I'm working periodically with a small team of people in what we loosely call a learning set – basically they set a topic, I get some discussion ideas together on it and then we spend a couple of hours together exploring it and reflecting on its organisational design implications: they've set 'the growth mindset' for our next meeting.
The way I tackle this type of challenge is to just jot down a bunch of things that spring to mind on it. In this case, I've got Carol Dweck, improv, Kagan/Lacey, Marilee Adams, play, laughter, learning organisation: it's a process a bit like opening the fridge and seeing what's in it that you can concoct a delicious meal from.
So now I'm looking at the list of discussion ingredients. Hmm – is there a delicious meal equivalent here, or will I have to go and forage for other things? I'll start with what I've got and see what happens.
The phrase 'growth mindset' was coined by psychologist Carol Dweck, in her book Mindset: Changing The Way You think To Fulfil Your Potential, first published in 2008 and just out (January 2017) in a revised edition.
Her theory suggests that intelligence and ability are not fixed characteristics, but can be changed and developed and grown. It's a very attractive, and popular, theory that is being extensively tested in schools. The UK, for example, has a project called Changing Mindsets currently running.
It's easy to see why it might be seized on as organisational initiative to help change culture, improve management skills, increase productivity, and so on. But it is no 'silver bullet' as some have pointed out and Carol Dweck is fully aware of.
She makes the point that people are not of either growth or fixed mindset, saying: 'Let's acknowledge that (1) we're all a mixture of fixed and growth mindsets, (2) we will probably always be, and (3) if we want to move closer to a growth mindset in our thoughts and practices, we need to stay in touch with our fixed-mindset thoughts and deeds.'
With this caveat in mind, taking the phrase literally, 'growth mindset' could simply imply being a continual learner, open-minded, non-judgemental and willing to try things out. People who are curious, who look out for opportunities and consider things as a 'offer' that you can choose your response have a 'growth mindset'.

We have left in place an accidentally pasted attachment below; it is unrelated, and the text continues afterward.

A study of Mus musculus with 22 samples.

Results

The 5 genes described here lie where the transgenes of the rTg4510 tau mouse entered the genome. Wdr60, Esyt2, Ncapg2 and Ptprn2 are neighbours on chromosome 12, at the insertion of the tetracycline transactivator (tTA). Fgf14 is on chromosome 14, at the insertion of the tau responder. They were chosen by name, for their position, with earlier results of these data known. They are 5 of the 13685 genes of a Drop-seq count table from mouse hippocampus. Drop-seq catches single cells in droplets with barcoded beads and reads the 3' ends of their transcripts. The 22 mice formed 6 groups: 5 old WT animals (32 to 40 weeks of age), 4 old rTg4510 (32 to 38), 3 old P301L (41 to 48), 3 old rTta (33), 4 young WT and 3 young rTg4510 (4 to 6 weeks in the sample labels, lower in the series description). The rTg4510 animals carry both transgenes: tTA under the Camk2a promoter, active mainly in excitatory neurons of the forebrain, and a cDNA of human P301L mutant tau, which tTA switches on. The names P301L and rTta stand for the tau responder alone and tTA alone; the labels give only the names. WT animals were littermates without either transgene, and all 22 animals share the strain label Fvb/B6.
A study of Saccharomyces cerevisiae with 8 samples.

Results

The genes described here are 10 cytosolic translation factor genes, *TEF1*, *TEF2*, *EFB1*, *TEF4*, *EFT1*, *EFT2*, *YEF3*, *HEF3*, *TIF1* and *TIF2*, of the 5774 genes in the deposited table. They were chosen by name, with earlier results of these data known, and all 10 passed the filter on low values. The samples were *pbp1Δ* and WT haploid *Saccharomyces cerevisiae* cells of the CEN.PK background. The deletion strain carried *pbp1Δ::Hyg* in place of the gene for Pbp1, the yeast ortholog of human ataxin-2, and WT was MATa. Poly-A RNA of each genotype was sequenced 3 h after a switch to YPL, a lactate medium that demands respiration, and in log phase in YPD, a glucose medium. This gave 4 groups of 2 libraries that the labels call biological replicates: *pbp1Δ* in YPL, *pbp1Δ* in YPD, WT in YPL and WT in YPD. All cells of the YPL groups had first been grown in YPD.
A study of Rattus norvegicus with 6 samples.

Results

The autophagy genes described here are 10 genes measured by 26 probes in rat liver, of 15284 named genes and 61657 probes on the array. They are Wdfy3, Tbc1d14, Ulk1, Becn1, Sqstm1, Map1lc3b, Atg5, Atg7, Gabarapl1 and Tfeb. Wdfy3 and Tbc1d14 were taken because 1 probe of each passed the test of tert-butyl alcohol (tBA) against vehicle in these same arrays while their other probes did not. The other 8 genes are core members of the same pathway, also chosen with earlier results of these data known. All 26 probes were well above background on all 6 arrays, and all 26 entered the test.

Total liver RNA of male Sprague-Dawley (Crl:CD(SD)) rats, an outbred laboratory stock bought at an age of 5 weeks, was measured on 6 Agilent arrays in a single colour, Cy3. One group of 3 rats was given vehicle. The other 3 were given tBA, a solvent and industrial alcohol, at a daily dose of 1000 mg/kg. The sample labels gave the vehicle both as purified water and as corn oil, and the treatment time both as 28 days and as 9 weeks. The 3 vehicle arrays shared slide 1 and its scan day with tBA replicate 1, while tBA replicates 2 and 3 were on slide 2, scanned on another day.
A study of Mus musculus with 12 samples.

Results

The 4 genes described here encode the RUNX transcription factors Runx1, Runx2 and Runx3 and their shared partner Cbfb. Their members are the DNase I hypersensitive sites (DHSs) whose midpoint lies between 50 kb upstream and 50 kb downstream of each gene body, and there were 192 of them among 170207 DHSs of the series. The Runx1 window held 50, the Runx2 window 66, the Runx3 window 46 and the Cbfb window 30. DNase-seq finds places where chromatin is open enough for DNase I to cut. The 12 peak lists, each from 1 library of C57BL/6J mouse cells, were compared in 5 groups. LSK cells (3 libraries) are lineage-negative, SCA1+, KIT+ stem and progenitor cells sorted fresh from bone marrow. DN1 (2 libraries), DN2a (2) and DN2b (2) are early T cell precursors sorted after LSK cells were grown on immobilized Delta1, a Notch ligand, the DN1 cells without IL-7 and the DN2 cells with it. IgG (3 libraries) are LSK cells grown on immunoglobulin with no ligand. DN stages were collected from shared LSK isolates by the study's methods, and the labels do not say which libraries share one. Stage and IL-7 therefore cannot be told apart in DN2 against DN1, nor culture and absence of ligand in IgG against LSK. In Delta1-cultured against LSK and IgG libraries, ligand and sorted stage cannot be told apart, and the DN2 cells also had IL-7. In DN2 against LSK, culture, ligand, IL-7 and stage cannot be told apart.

I'm just finding out that improv is a great vehicle for learning and practicing this open-mindedness type of response. Robert Poynter, in his book, Everything's an Offer, tells a great story about Danny Wallace someone who decided, that for a year, he would say 'yes' to everything that came his way. (His story was later made into a film).
A different tack on being open to learning and growing is taken by Kegan and Lacey in their work on change. Several years ago they proposed 'Seven languages for transformation'. There's a useful summary table here. Their work has developed into a set of broader techniques and methods for learning and growing. Take a look at their book An Everyone Culture which presents and discusses 'the simple but radical conviction that organizations will best prosper when they are more deeply aligned with people's strongest motive, which is to grow. This means going beyond consigning "people development" to high-potential programs, executive coaching, or once-a-year off-sites. It means fashioning an organizational culture in which support of people's development is woven into the daily fabric of working life and the company's regular operations, daily routines, and conversations.'
Marilee Adams work is similarly around language use, specifically about the way we ask questions – she describes 'learner questions' and 'judger questions' and offers suggestions on what type of questions lead to learning and growth.
A completely different tack on learning and growth is through 'play'. Children learn through play and so can adults – though sadly we tend to lose that facility – 'play brings joy. And it's vital for problem solving, creativity and relationships.' Author and physician Stuart Brown notes that 'Particularly in tough times, we need to play more than ever, as it's the very means by which we prepare for the unexpected, search out new solutions, and remain optimistic.' Play: How it Shapes the Brain, Opens the Imagination, and Invigorates the Soul.
Linked to this is laughter with some evidence that laughter defuses situations and offers opportunities in the workplace to re-think and re-group.
Then there's the whole learning organisation genre with multiple theories and approaches. See a literature review here.
I think enough 'ingredients' to discuss a growth mindset. The intriguing part of the discussion will be on how to design an organisation to encourage it.
What additions would you make to the list of method for developing a 'growth mindset'? Can organisations be designed to encourage it? Let me know.